James Lawton: Shikhar Dhawan's explosive arrival proves Champions Trophy is a tournament worthy of being saved

He pummelled his first ball after the rain break high and square for a six


It says a lot for the Champions Trophy that even in the rain of Edgbaston there was reason to believe it had already done enough. Enough, this was, to keep its place in the money-grabbing circus otherwise known as international cricket. If this is indeed so – as must be the hope of all those who believe the game should retain as much of its subtlety of thought and beauty of action as it can – maybe in the future more effort will be made to ensure a satisfactory conclusion.

The late scrambling between the showers for a result in something which, as perversely as you could have imagined, had been reduced to a Twenty20 contest, was never going to come into that category.

Certainly not in the English perspective after the onset of panic which gave India another one-day bauble. England had the foundation to end their time in the 50-over desert – but not the nerve to see the job done when M S Dhoni, again the supreme master puppeteer of the short game, brilliantly manipulated the threat of his spinners Ravindra Jadeja and Ravi Ashwin.

It was a brief, and for England, humiliating conclusion to a story that had promised breakthrough achievement. However, glistening in the raindrops was a huge reason why so many have been moved to see that this is a tournament capable of brilliant action and a proper sense of superior competition.

It was the thrilling sight of Shikhar Dhawan doing something quite extraordinary. The batting revelation of this and perhaps many other years returned to the wicket after the first rain break to shatter one of the least contended theories of the game. It is that batsmen are invariably more easily detached from the rhythm of their work. The emerging truth these last few weeks is that short of organising a full scale avalanche the distracting of Dhawan is one of the least rewarding ambitions.

Stuart Broad, who had earlier dismissed Dhawan's formidable opening partner Rohit Sharma, could have done better with his first delivery after returning from the dressing room, but he could not have expected quite such a crushing rebuke.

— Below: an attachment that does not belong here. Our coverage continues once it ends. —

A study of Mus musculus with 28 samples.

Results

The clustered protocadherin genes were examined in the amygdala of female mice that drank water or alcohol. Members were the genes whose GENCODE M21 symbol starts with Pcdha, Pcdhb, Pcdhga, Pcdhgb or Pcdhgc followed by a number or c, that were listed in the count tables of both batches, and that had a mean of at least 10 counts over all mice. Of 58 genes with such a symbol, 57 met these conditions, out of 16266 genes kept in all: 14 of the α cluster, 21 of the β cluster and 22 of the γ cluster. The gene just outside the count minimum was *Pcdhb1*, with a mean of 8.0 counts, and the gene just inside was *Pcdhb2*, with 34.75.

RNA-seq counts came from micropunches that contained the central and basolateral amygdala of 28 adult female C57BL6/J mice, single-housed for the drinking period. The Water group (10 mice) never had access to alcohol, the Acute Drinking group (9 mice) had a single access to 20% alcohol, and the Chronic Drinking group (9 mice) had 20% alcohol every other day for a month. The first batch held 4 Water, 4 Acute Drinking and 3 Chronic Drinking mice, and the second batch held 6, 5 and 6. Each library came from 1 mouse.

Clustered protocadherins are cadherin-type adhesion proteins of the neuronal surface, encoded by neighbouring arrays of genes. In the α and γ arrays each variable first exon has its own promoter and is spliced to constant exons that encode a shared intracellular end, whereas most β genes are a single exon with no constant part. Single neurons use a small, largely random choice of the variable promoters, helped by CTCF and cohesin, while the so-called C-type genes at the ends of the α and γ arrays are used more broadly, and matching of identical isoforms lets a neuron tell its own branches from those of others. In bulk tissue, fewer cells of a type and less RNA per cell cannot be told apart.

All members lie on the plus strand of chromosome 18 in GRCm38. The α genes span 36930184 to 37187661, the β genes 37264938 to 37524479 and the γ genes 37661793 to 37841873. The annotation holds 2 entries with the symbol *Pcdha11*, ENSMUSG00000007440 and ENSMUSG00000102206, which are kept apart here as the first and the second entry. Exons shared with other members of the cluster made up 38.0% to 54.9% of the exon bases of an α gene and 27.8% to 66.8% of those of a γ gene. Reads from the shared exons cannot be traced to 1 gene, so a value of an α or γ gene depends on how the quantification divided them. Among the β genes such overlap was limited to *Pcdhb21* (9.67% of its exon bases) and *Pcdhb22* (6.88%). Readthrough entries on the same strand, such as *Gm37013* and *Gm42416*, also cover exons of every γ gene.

Dhawan pummelled him high and square for a six. It was as exhilarating as a Cossack leap and when the batsman returned to earth you couldn't avoid trawling back through his quite extraordinary crusade. That it should end so soon after a second interruption, with a mere 31 runs against his name, when he miscued a shot from Ravi Bopara's slower ball surely brought a sense of loss that went beyond his own fast growing legion of Indian fans.

Maybe we should have been more prepared for his onslaught on the tournament. After all, a man who arrives, after being so bizarrely detained on the boundaries of big-time cricket for so long, with a Test average of 187, is not likely to remain anonymous for too long.

It was one of many regrets yesterday that the opening duel between Dhawan and James Anderson was, because of the curtailment of the overs, so brief. Anderson's beautiful bowling was another reason why this Champions Trophy was so quickly seen to be something worth preserving and no Madison Square Garden match-maker could have conjured a more intriguing and potentially climactic duel. The absurdity of not having another chance today to settle the matter in proper fashion over the full allocation of overs was still one more reason to complain about the cluttered programme of the international game.

Former England captain Michael Atherton, a man of the world but one with the dogged streak of a purist, was particularly withering about the fact that coming almost immediately will be two utterly inconsequential Twenty20 matches between England and New Zealand.

Yet amid such irrelevance, such a wearisome failure to understand that the value of any game is dependent on a degree of freshness, a renewed appetite both in those who play and those who watch, there is still the heartening impact of this Champions Trophy.

Nor should we be too concerned that the likely victim of its survival is the airy plan to have a Test match play-off involving a semi-final and final. It is, when you think about it, a contradiction in terms. Tests are not designed for semis and finals and the rewards and punishments that come with the ebb and flow of passing form. They are what they are, they are Tests of the enduring mood and form of the game's best players.

What the 50-over game has proved here is that in the proper environment of high quality competition it can occupy valuable ground all of its own. It is inhabited not by frenzy, well it wasn't until England found their various ways of self-destruction in the final over, but calculation and nerve. A wicket has a value and the vital trick is to preserve it – or risk it – according to the needs of the team. In the end India's Virat Kohli made the most vital contribution, one which England must have believed Jonathan Trott would, on earlier evidence, have surpassed.

It was unfortunate that last night England's failed effort to win their first 50-over tournament had already been compromised by the Birmingham weather. They had, however, done their work well and played hard for most of the tournament. They had also run close a new and brilliant generation of Indian cricketers.

This was, surely, reason enough to join the chorus that says cricket is right to rescue the Champions Trophy.